Home for the holidays: Potatoes au gratin

Potato au gratin

So, are you finding yourself deep in the pot cabinet or the back of the pantry looking for that big roasting dish? Tis the season for digging out the big pots and feeding lots of people.

This is a potato recipe that works well for holiday buffets. Besides, who can resist potatoes and cheese?

Potatoes au GratinPotato au gratin mis en place

4 lb of russet potatoes
1 small sweet potato
1 small onion thinly slices
1 ½ cups milk
4 oz grated parmigiana
4 oz thinly sliced Swiss cheese
4 oz thinly sliced cheddar cheese
4 oz thinly sliced Gruyere

Salt, pepper, nutmeg, olive oil

Peel and thinly slice the russet potatoes. Drop the slices into a bowl of cold water. When all the potatoes are sliced, drain the water and rinse the slices in cold water again, repeat one more time. You are doing this to remove some of the excess starch from the potatoes, which means they will stay crisper and not melt together into a big shapeless pile of potato mush.

Peel and thinly slice the sweet potato.

The cheeses listed above are not set in stone, if you have a favorite, go for it, but choose well-mannered cheeses that play nicely with the other cheeses.  For example, blue cheese and cottage cheese would be terrible together! Don’t even think about cottage cheese, or anything that comes pre-sliced. Promise me, ok?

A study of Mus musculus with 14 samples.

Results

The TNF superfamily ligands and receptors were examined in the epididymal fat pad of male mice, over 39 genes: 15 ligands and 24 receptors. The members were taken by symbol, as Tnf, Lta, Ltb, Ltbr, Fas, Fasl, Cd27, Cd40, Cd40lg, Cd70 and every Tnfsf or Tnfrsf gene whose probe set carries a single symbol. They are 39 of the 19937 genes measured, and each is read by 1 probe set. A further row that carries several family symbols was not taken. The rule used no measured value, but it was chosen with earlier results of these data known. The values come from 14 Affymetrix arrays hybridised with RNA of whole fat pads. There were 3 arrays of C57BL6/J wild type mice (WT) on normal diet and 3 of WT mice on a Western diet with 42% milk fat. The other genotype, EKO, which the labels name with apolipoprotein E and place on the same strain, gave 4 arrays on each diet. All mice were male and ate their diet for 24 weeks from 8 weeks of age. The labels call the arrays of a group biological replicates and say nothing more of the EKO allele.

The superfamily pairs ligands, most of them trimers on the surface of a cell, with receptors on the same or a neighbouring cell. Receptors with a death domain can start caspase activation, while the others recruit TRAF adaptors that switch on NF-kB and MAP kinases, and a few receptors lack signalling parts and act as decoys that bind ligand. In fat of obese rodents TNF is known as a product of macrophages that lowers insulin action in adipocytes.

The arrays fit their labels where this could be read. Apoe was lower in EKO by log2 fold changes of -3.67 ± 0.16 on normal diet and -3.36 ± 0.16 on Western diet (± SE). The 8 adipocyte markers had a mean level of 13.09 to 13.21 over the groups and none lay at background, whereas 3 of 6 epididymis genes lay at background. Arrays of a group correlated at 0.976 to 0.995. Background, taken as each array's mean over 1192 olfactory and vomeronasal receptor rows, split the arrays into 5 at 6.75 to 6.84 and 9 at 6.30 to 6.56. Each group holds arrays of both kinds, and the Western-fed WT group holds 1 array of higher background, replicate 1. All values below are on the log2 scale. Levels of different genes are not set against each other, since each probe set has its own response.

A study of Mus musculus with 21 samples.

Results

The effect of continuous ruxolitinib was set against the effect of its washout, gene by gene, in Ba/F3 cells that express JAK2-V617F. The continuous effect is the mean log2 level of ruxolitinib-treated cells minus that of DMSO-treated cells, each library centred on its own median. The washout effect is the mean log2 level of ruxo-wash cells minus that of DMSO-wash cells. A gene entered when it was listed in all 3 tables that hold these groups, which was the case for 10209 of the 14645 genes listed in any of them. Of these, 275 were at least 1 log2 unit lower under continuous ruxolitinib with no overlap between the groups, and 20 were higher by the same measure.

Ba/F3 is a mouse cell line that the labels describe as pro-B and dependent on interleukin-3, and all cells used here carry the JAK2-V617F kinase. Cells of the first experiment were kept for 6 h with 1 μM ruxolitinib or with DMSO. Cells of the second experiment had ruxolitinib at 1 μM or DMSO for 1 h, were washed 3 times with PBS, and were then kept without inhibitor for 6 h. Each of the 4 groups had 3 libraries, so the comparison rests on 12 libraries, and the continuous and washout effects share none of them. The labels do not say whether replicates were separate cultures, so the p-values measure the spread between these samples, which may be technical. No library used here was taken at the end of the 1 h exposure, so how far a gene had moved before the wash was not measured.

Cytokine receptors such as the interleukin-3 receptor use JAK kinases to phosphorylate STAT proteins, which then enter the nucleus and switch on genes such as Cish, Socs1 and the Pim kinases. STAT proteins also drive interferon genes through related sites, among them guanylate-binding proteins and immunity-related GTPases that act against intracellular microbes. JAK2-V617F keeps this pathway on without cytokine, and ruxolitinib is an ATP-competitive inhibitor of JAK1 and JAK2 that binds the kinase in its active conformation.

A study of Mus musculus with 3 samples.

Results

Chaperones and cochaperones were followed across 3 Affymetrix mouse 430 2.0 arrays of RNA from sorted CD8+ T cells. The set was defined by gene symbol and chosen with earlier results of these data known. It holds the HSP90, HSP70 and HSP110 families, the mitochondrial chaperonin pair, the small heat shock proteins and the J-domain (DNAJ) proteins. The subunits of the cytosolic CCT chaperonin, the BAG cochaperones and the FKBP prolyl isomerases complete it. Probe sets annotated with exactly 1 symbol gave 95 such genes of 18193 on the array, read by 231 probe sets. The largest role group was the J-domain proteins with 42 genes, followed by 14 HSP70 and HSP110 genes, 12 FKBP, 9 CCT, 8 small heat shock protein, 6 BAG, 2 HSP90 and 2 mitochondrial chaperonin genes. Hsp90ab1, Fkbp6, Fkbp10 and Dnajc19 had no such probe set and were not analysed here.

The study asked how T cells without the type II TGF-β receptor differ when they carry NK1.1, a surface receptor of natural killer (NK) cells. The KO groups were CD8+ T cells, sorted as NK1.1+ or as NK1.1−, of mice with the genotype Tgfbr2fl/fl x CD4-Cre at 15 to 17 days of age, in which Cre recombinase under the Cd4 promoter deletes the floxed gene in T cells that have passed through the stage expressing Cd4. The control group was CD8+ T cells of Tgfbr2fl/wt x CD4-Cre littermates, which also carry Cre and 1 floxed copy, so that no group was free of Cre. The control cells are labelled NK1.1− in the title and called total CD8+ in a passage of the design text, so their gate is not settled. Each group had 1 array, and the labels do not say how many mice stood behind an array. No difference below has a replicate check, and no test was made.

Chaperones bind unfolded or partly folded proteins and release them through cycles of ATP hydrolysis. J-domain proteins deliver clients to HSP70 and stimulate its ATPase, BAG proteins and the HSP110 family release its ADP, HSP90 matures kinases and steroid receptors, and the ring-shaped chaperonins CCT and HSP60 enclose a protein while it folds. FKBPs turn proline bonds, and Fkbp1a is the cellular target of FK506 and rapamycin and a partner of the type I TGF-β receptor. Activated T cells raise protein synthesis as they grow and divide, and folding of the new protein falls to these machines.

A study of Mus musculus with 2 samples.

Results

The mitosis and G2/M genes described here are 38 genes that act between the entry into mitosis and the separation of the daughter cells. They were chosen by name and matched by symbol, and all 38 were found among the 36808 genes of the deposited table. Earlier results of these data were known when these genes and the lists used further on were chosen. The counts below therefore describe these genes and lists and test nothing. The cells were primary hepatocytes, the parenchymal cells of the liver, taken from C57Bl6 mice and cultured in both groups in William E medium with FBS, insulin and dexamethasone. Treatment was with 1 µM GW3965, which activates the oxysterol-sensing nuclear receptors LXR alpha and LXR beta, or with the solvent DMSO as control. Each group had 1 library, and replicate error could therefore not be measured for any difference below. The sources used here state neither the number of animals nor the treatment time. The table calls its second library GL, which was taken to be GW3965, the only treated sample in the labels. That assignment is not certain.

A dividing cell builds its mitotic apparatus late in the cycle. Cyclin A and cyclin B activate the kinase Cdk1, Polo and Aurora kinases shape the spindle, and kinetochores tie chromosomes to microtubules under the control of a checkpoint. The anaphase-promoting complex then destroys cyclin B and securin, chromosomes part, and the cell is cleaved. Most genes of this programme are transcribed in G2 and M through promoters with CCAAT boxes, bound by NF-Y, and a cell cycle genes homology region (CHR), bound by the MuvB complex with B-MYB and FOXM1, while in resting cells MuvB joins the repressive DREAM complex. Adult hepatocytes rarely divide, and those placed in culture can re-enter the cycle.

Potato au gratin ready for the oven
Preheat oven to 350F.

Use a nice roasting dish that holds all the potatoes and that can go directly to the table; a glass or ceramic dish would work very nicely.

Drizzle a little olive oil on the bottom of the dish and then start to layer the ingredients. Make a thick layer of white potatoes on the bottom, that way if anything sticks you’ll have a good solid base layer. Add a little bit of salt to one or two of the layers. Go easy on the salt, as the cheeses will also add a salty element.  About mid-way through, add the layer of sweet potatoes. They add some color and sweetness; I like to layer them near the onions.  Keep the grated parmigiana for the top layer, but before you add the parmigiana, pour the milk over the potatoes. Don’t worry if the liquid doesn’t come all the way up to the top layer of potatoes. As the potatoes bake and soften they will start to collapse down and into the milk. Do not overfill the baking pan or you will be cursing me from now till kingdom come because that pan is going to overflow and make a mess in your oven.  Add another little drizzle of olive oil on the last layers of potatoes, and then add the parmigiana and a few scrapes of nutmeg. Bake for about 1 hour and 15 minutes, when the top should be nice and brown and the potatoes soft.

This recipe is enough for about 10 servings.

A question about the milk: classic recipes call for scalded milk, or milk that has been brought to the boiling point. I remember being told, I think by my Mom, that scalding would prevent the milk from boiling up and spilling over. I just did a little google research and based on my own experience, there doesn’t seem to be any scientific reason for boiling already pasteurized milk. Any other thoughts on scalding milk?

Leave a Comment

For security, use of Google's reCAPTCHA service is required which is subject to the Google Privacy Policy and Terms of Use.

If you agree to these terms, please click here.